When some Uber users deleted their accounts this week following a former engineer's allegations of sexual harassment, they received a message from the company directly referencing the allegations. Users shared screenshots of the message, which mentions former Uber engineer Susan J. Fowler by name, across social media this week. On Thursday, an Uber spokesperson confirmed to CNN Tech that the message was authentic and was sent to approximately 40 users who specifically mentioned Fowler when deleting their accounts.

"Sorry to hear that you wish to delete your account," the message stated. "Let us assist you here. Everyone at Uber is deeply hurting after reading Susan Fowler’s blog post. What she describes is abhorrent and against everything Uber stands for and believes in." Uber has since tapped former attorney general Eric Holder to conduct an investigation into the accusations. Holder, CNN noted in their report, has controversially close ties with Uber.

In a blog post on her official website, Fowler detailed her decision to ultimately leave the company after continued systemic sexism. "After the first couple of weeks of training, I chose to join the team that worked on my area of expertise, and this is where things started getting weird," Fowler wrote. "On my first official day rotating on the team, my new manager sent me a string of messages over company chat. He was in an open relationship, he said, and his girlfriend was having an easy time finding new partners but he wasn't. He was trying to stay out of trouble at work, he said, but he couldn't help getting in trouble, because he was looking for women to have sex with. It was clear that he was trying to get me to have sex with him, and it was so clearly out of line that I immediately took screenshots of these chat messages and reported him to HR." That report, however, was allegedly met with inaction.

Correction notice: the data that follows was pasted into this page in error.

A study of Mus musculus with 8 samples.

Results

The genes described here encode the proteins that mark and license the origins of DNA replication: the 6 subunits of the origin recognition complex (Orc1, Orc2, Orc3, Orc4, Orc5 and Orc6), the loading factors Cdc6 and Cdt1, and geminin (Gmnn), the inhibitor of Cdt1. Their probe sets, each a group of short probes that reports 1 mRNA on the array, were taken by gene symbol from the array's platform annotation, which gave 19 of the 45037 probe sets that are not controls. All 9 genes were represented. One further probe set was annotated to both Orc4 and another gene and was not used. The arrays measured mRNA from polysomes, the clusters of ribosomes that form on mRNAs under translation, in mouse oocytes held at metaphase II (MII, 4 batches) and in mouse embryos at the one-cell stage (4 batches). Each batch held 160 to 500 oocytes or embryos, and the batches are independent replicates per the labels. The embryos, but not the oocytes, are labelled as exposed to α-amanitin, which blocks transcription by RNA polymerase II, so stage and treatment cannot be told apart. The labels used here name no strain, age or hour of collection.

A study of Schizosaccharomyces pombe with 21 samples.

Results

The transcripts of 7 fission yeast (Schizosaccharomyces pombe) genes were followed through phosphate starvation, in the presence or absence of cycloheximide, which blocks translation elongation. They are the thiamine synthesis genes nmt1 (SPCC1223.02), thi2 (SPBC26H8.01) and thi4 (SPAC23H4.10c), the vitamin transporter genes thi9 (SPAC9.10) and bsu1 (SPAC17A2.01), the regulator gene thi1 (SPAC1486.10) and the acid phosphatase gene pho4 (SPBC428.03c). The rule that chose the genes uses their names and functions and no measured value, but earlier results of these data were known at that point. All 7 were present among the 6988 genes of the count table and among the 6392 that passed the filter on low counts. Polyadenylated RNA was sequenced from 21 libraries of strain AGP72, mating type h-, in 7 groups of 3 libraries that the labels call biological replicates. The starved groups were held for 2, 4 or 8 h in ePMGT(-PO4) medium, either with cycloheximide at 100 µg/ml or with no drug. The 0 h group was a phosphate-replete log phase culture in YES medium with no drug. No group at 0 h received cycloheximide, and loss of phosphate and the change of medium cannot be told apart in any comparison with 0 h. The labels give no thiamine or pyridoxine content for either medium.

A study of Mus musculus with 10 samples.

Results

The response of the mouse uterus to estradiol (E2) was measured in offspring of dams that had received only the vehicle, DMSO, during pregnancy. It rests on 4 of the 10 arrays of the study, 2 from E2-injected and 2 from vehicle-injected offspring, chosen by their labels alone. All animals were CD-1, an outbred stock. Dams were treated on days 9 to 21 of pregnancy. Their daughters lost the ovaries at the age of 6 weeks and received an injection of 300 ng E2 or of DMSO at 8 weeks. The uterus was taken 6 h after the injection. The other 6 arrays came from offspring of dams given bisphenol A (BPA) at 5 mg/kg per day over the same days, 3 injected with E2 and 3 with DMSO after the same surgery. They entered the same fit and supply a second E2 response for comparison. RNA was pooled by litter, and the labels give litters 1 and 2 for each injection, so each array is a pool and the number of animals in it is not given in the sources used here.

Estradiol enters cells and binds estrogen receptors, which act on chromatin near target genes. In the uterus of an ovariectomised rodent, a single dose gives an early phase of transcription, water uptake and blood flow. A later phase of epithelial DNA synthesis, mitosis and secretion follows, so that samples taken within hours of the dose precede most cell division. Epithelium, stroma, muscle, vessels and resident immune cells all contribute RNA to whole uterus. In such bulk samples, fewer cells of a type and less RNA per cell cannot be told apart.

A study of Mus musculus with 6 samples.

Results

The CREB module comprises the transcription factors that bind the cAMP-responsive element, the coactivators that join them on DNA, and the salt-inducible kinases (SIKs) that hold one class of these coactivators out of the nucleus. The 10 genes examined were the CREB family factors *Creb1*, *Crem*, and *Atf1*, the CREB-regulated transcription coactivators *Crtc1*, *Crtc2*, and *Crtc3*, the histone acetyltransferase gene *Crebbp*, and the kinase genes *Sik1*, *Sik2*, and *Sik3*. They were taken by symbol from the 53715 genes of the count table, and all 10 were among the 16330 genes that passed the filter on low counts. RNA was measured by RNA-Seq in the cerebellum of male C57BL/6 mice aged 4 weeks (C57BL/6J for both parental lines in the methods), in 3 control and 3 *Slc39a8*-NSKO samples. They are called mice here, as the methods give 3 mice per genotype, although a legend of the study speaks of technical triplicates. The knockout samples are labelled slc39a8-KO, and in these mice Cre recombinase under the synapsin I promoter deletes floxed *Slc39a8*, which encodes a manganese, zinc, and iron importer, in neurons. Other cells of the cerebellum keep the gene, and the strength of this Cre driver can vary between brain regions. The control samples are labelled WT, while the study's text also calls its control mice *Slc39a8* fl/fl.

Uber was met with another mass app purge last month, ultimately leading to CEO Travis Kalanick's departure from Trump's advisory council. "Joining the group was not meant to be an endorsement of the President or his agenda but unfortunately it has been misinterpreted to be exactly that," Kalanick told employees, according to Recode. "I spent a lot of time thinking about this and mapping it to our values."